What’s in Your Botanical Garden?

April showers bring May flowers, and all that poetry, but botanical gardens grow year round. So who needs those aforementioned April showers? Still, spring flowers create a multi-colored spectacle when they wake up from their winter slumber, stretching into the warm rays of the sun, which is why you can find botanical gardens listed as UNESCO World Heritage Sites, whether you’re in in rural areas, cities, or even in a posh casino in Las Vegas. So check out these unique, historic, and downright fun botanical gardens to visit.


The Royal Botanical Gardens, Kew, was founded in 1759 and has been listed as a UNESCO World Heritage Site since 2003. It has an extensive collection of living and preserved plants and fungi, which it utilizes for scientific research. In spring it welcomes snowdrops, crocuses, daffodils, bluebells, and a cherry walk, and don’t miss the Kew Lates at the Prince of Wales Conservatory with activities, talks, and cocktails.


Built in the 11th century with Chinese and Japanese influences, The Byodoin in Kyoto, Japan, has been an the UNESCO World Heritage Site since 1994 and boasts a 4.9-acre garden that accents this historical treasure with wisteria and cherry trees. With lovely bridges, a serene pond, and breathtaking architecture, the site is truly one of the five remaining “Pure Land” or paradises in Japan.



Asheville, North Carolina might seem like an unlikely site for one of the world’s best botanical gardens, but the Biltmore Estate has more than 8,000 acres of manicured lawns that were designed by America’s foremost landscape architect, Frederick Law Olmsted. Amble on 2.5 miles of paths through the Italian garden, Rose Garden, Walled Garden, the Azalea Garden with more than 1,000 planets, Spring Garden, Conservatory, and the first managed forest. The estate itself is the nation’s largest private residence, a 250-room chateau.


Biltmore Estate Gardens

The Biltmore Estate in North Carolina is known for its mancured gardens. (Credit: Fotoluminate LLC/Shutterstock.com)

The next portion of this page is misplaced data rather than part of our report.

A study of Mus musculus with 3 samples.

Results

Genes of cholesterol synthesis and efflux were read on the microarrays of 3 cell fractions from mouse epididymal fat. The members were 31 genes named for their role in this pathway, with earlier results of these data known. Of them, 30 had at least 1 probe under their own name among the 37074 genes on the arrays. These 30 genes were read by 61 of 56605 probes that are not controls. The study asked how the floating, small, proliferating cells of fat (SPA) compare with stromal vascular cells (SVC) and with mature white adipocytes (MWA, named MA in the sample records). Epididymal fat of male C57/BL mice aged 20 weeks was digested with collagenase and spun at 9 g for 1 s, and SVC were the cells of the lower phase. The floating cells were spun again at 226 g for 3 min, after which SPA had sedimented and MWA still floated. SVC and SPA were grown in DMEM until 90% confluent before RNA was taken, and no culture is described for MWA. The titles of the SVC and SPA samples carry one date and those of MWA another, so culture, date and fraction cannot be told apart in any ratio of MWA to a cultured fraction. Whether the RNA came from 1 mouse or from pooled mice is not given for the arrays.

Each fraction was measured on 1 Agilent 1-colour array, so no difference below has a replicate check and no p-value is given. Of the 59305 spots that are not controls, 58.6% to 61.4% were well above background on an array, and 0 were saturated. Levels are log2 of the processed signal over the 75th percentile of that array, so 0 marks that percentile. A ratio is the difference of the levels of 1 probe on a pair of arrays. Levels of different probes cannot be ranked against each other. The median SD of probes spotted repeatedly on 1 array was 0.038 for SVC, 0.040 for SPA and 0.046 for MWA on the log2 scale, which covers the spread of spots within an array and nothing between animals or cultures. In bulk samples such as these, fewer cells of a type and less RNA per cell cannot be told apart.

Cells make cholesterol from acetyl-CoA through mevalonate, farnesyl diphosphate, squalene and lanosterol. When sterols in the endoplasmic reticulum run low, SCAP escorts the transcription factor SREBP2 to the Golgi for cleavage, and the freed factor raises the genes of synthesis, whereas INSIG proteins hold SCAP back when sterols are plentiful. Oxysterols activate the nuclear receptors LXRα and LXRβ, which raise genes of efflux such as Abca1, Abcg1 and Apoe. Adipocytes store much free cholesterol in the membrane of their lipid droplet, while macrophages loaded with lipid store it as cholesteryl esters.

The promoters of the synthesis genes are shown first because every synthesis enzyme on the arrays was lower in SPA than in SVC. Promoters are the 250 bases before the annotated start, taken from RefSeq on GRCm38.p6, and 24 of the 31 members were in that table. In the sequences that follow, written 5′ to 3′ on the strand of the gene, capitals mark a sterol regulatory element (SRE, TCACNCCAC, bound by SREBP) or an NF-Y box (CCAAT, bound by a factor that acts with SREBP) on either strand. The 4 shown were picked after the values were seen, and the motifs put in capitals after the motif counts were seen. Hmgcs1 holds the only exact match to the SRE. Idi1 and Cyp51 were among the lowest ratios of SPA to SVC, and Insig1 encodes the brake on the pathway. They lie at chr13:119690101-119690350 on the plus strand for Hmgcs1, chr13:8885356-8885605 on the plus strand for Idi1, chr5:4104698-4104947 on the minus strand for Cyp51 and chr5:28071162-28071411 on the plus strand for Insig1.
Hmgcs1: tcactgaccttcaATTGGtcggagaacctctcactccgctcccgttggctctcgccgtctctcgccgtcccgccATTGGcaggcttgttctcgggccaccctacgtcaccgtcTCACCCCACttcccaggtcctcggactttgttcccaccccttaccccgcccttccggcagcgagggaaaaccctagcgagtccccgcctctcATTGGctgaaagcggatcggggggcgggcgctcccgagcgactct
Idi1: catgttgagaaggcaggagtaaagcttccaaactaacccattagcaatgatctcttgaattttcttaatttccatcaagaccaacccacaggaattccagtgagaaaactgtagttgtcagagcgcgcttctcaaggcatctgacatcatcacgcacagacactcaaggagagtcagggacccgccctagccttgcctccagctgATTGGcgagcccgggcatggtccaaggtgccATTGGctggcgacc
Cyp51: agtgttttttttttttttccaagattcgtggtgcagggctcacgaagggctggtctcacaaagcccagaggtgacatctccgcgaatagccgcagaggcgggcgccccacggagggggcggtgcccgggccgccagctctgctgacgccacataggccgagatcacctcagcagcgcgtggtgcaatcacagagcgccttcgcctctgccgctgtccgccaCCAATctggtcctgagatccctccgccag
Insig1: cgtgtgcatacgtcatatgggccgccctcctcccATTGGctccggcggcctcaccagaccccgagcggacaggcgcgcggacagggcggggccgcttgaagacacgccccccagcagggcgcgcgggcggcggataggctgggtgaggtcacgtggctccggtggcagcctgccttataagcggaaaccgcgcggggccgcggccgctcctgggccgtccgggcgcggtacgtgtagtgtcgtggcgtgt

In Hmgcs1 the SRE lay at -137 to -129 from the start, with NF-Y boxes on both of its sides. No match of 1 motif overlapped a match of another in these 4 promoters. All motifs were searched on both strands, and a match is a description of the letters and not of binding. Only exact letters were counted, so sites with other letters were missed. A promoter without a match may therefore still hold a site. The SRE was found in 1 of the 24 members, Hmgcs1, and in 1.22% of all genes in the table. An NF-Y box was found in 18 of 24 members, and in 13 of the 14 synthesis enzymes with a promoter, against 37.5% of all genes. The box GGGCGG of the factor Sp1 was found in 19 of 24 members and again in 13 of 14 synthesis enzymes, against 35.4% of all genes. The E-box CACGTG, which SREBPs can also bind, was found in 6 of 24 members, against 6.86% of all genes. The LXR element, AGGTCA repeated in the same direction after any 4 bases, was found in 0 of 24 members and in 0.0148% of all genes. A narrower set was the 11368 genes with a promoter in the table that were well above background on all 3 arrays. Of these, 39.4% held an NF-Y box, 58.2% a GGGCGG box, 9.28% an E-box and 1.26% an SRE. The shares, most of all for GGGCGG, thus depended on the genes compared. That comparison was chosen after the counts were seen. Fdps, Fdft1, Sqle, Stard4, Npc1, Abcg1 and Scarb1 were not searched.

The six-acre Andromeda Botanical Gardens in Barbados originated in 1954 at the parish of St. Joseph and were maintained by Iris Bannochie, a local horticulturist. The gardens cultivate several varieties of orchids, palms, ferns, heliconia, hibiscus, bougainvillea, begonias, and cacti, which nestle along gentle streams, beautiful pools, and breathtaking waterfalls. Overlooking the Atlantic Ocean, this is quite a garden to behold.


Jardin Botanique de Montreal is a contender for one of the best botanical gardens, not just for its lovely outdoor displays, which survive even the harsh Canadian winters, or the indoor gardens, but also for its Insectarium with more than 160,000 live and preserved specimens. Canada also pays homage to its natives with the First Nations Garden with cultivation of corn, squash, beans, sunflowers, and tobacco. Also nearby is a biodome with breathtaking ecosystems, including a tropical rainforest and sub-polar region.


Though this isn’t the largest botanical garden by far, the Bellagio’s Conservatory and Botanical Gardens in Las Vegas remain stunningly beautiful throughout the year with more than 140 expert horticulturists on staff who arrange flowers and plants around gazebos, bridges, bonds, and water features, reflecting the four seasons, holidays, and Chinese New Year. It also hosts live performances every night between 4:30 p.m. and 6:00 p.m. and Mr. and Mrs. Green Thumb answer questions about the garden and give gardening tips from 10:30 a.m. to 11:30 a.m. every morning.


Bellagio Conservatory and Botanical Gardens

The Bellagio Conservatory and Botanical Gardens celebrate seasons, holidays, and more with a masterful display of colors and nature. (Kobby Dagan/Shutterstock.com)


For garden lovers and garden eaters, visit one of these top botanical gardens on your getaway, and check out Expo Milano 2015, where the world takes on the future of food growth, here.